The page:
Intelligence Agencies have been using children in covert operations for decades. By now, it's something of an open secret. Children can perform missions that adults simply wouldn't be able to do. They are smaller, think more creatively, and adults usually don't suspect them until it's too late. Since the Second World War, British Intelligence has run several programs that involve the training and utilization of agents between the ages of 10 and 18. Overall, these programs have been quite successful, and many years ago, the criminal elite began to take notice…

Kilsyth Academy is an underground complex located in an undisclosed location in the Scottish Highlands. Founded in 1965 by the former Kingpin of the UK drugs trade, Peter Kilsyth, the school houses the children of some of the world's wealthiest criminals. Kilsyth Academy is no local grammar school; the 6-mile-wide complex encompasses an indoor firing range, a state-of-the-art fitness suite, assault course, school buildings, plush living quarters, swimming pools, and a cavernous indoor garden. Located within Peter Kilsyth's vast estate, an army of lawyers, and expensive bribes, or horrific threats to concerned council workers has kept both the construction and existence of Kilsyth Academy a well-protected secret. Within the cavern walls, around 120 students learn a vast array of extra-curricular skills; from corporate espionage to the subtler tactics of urban warfare.


My name is Jennifer Kelly. When I was nine years old, my father was sent to prison for arranging eleven murders, and I was taken from my home in Dublin to a secret academy for the children of the wealthiest criminals in the world. Over the next seven years I learned every skill a master criminal could possibly need, from shooting rifles, to hacking into central banks. I'll explain all this later, but right now, I'm upside down in an SUV, sliding down a grassy embankment on the edge of some random motorway, with a ten-year-old passenger who won't stop screaming, and a storm of bullets whizzing overhead. Nice one, Jen.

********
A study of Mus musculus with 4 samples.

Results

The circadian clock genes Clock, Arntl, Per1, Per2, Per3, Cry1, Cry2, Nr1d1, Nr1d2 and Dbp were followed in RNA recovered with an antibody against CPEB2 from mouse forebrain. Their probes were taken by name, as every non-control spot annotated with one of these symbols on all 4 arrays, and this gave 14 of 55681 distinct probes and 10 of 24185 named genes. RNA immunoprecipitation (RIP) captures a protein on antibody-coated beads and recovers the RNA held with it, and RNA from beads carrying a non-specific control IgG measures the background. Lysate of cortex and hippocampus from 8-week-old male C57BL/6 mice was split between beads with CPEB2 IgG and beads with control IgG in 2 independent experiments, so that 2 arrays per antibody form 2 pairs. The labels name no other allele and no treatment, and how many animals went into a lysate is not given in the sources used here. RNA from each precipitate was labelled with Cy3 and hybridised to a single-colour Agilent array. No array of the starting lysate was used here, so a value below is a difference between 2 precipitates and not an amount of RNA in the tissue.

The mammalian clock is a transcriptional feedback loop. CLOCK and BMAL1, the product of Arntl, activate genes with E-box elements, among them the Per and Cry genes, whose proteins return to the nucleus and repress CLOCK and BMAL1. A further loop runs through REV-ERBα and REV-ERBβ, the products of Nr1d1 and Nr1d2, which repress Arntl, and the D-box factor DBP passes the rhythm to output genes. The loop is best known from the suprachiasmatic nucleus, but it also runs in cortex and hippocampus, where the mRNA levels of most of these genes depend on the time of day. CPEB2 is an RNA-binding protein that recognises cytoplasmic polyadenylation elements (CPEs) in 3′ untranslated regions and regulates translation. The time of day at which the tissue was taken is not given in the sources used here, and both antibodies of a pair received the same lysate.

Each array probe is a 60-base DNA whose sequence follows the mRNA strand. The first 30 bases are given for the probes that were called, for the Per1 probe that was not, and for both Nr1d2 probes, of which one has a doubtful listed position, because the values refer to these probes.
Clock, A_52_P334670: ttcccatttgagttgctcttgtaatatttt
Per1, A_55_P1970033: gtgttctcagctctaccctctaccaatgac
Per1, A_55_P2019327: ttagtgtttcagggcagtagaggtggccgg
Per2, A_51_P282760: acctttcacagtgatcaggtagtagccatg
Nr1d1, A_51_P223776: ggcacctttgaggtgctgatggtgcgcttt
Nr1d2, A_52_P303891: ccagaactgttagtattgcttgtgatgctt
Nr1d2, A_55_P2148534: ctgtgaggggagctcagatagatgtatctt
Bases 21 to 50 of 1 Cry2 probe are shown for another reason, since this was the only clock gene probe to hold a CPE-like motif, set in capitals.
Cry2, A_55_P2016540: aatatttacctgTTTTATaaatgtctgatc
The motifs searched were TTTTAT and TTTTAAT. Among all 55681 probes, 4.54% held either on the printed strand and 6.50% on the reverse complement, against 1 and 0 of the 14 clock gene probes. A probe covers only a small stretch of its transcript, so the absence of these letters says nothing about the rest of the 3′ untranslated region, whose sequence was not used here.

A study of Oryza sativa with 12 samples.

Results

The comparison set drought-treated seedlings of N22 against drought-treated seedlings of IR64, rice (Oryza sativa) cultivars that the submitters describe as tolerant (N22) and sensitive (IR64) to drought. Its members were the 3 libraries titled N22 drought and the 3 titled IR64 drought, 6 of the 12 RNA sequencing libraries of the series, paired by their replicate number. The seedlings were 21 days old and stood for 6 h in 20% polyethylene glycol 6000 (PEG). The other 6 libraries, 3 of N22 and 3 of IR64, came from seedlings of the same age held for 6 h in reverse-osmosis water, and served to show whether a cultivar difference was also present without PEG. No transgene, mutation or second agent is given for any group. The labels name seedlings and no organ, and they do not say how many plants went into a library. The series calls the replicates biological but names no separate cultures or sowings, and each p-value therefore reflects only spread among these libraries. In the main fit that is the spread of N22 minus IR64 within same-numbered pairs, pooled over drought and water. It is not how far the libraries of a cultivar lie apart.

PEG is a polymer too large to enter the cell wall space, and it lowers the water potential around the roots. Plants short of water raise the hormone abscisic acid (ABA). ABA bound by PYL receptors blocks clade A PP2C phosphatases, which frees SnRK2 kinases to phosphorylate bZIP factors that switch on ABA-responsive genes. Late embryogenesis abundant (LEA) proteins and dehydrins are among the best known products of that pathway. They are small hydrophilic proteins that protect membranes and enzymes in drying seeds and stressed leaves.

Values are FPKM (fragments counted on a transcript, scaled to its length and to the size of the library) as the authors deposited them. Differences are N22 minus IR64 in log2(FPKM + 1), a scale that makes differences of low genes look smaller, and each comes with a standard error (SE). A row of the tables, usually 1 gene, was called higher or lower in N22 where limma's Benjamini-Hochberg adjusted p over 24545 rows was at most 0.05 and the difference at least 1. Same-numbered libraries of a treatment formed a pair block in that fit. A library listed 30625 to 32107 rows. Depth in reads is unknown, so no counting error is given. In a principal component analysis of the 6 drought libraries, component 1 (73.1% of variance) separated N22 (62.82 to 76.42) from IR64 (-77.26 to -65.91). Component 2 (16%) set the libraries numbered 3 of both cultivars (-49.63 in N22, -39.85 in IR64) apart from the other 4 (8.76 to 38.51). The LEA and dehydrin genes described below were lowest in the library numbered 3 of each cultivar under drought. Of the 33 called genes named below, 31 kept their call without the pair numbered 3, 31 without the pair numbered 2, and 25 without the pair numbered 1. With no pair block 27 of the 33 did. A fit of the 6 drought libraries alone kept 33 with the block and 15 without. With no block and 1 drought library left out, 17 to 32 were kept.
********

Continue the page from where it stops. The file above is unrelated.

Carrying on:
In fairness to the ten-year-old boy in the passenger seat, he'd been having a fairly rough weekend. His parents, billionaire property investors, had been shot by a pair of snipers whilst they were out relaxing by the pool. A security guard had managed to rush the boy inside and into a panic room, but hit squads are often quite a persistent bunch. In fact, if I hadn't left a few of their guys riddled with .40 caliber shells, they may easily have been successful. But hit squads aren't the only persistent buggers running around with guns, and despite their botched attempt at a kidnap, I'd managed to get my target safely into the back of a Range Rover I'd nicked from his dearly departed parents' garage, and cruising comfortably towards our extraction point on the outskirts of Edinburgh before all hell inevitably broke loose.

Now, the unfortunate thing about getting in the way of a hit squad that was probably just paid somewhere in the region of £100 million for a job is that they tend to get a bit pissed off, especially when you run off with one of their targets. That's the shortened story of how I ended up careening off the motorway under a hail of gunfire, with a convoy of black saloon cars chasing me down. Again, I'll explain later, maybe after I've gotten the Range Rover back onto its wheels.